Johnson hits in nick of time

MIAMI -- The frustration had been building. Coming into Friday night's game, the Nationals had been hitless in their 20 most recent at-bats with runners in scoring position. Some of that poison had been extracted when the visitors scored three times in the first inning against the Marlins.

But there the Nationals were in the seventh inning, trailing by one with the bases loaded and two outs and veteran first baseman Nick Johnson at the plate. Johnson took a 2-2 pitch that appeared close enough to swing at, before purging all the demons created by those missed opportunities.

Johnson lined a fastball from left-hander Taylor Tankersley over right fielder Jeremy Hermida's head for a frustration-releasing bases-clearing double.


Johnson also drove in a run with a first-inning single.

"That's what we need right there that's been lacking," manager Manny Acta said.

The much-injured Johnson, coming off a shelved 2007 season, seemed almost stoic afterward about his dramatic hit. He agreed that "those kind of hits have been missing" from the Nationals this season. He said it "felt good," yet didn't want to make too much of clutch hitting in a mid-April game.

"It's a long season," he said. "We've got to keep working."

Acta acknowledged afterward that the victory was an emotional salve of sorts for the Nationals' younger players.

"I just don't want this to get into the guys' minds," he said. "I can handle it. I went through it last year and I know what we're doing. But the kids -- some of them start doing extra stuff and get out of their games a little bit. This helps them not think about doing too much, just play the game."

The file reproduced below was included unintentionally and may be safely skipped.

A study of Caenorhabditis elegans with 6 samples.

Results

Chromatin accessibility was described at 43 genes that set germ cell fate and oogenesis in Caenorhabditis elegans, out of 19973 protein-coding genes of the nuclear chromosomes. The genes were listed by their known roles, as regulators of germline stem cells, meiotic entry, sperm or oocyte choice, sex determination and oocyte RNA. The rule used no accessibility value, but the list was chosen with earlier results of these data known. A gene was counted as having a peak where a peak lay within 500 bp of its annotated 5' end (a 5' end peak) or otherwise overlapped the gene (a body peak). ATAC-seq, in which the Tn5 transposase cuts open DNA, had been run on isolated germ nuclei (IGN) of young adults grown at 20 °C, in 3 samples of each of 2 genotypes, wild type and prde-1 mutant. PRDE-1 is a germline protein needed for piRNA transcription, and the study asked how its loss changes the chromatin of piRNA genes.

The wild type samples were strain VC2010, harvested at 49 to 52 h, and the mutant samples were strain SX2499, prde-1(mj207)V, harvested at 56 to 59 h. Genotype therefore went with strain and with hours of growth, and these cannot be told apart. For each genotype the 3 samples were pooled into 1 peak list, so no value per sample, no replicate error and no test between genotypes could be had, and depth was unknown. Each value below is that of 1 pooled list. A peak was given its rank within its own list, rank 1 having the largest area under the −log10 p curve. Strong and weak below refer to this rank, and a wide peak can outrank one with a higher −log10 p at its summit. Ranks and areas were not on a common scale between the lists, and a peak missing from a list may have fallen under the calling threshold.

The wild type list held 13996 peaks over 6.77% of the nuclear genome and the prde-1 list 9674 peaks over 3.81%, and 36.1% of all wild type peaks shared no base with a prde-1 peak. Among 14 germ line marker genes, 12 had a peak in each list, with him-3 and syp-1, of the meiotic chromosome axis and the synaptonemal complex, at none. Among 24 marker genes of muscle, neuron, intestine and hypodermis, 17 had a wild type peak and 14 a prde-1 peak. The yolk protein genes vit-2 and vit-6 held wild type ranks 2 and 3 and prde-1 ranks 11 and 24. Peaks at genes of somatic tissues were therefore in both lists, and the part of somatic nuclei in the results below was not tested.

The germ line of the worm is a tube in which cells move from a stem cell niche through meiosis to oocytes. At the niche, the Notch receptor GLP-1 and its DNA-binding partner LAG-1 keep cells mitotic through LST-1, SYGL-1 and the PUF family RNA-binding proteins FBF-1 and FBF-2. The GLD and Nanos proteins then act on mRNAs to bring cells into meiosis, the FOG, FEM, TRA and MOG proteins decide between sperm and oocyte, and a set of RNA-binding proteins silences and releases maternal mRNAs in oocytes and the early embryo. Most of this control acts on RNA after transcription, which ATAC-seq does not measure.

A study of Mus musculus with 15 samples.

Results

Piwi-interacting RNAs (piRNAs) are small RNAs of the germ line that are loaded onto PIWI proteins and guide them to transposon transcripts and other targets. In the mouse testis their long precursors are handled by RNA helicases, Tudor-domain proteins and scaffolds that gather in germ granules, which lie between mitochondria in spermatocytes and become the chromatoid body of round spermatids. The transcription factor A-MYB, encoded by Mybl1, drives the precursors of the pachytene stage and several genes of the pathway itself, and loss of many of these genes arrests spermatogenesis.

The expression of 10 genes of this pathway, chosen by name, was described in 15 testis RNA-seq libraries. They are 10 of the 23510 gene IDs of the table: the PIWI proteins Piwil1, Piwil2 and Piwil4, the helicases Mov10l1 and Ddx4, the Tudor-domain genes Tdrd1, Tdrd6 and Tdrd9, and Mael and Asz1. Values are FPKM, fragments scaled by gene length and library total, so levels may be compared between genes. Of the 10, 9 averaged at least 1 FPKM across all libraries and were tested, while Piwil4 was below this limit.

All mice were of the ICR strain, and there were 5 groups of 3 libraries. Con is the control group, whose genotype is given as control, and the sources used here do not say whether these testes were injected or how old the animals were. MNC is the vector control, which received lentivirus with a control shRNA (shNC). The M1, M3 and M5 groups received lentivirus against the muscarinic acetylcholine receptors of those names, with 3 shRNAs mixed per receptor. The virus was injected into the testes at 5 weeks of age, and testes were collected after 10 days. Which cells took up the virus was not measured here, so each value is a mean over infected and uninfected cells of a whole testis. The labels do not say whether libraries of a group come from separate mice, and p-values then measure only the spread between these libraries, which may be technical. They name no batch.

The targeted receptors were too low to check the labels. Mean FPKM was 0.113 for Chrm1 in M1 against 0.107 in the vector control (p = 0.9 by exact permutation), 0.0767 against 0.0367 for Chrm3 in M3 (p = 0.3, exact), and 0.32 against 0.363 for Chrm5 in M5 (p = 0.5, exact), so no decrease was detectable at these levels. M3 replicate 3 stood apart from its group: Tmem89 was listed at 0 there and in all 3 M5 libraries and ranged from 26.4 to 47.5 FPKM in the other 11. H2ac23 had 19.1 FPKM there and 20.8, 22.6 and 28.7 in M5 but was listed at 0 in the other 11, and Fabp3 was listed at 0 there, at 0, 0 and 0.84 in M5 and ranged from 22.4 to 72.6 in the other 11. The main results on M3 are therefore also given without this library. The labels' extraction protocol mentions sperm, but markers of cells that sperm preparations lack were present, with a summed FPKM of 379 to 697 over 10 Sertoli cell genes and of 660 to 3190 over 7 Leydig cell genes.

Johnson reminded that even after his hit, the Nationals had to hold off the Marlins for three more innings. Luis Ayala took care of 1 2/3 innings of that, Ray King got an out and big Jon Rauch got his third save of the season with a one-hit, no-run ninth inning.

That and Johnson's hit made a winner of Redding, now 3-1. Redding allowed only three hits and a walk in six innings, but was victimized by a three-run Marlins sixth. Josh Willingham's two-run homer gave the home team a short-lived lead.

"I threw a fastball away like I had been all night," Redding said of his delivery to Willingham. "This one flew open a little bit, ran back over the plate and Willingham was only looking to do one thing right there, and that's hit a home run. But I was happy with the way I threw for the first five innings."

Redding said that his best pitch was a fastball. He threw 58 of them, 40 for strikes. After the Nationals' 14-inning loss Thursday night to the Mets, he said he knew "I had to do something to pick us up."

He was sitting on the bench wondering what went wrong when the Nationals had a little surprise of their own.

"The balloon proverbally was popped when I gave up three runs," Redding said. "Then they bailed me out. Bailed everybody out."

Another contributor was Felipe Lopez, a surprise starter at second base with Acta admittedly looking to "shake things up." Lopez rewarded Acta by getting three hits, including a fence-rattling double that led off the game and started a three-run inning.

Lopez scored two runs and stole a base. He'll start Saturday at shortstop to give regular Cristian Guzman a rest, and Acta sounds as if he wants to keep finding a spot for him in the lineup, particularly if it will help change the team's direction.

"This game will give him something to build on," Acta said. "We'll probably give him some more at-bats and hope he can help our lineup."

Charlie Nobles is a contributor to MLB.com. This story was not subject to the approval of Major League Baseball or its clubs.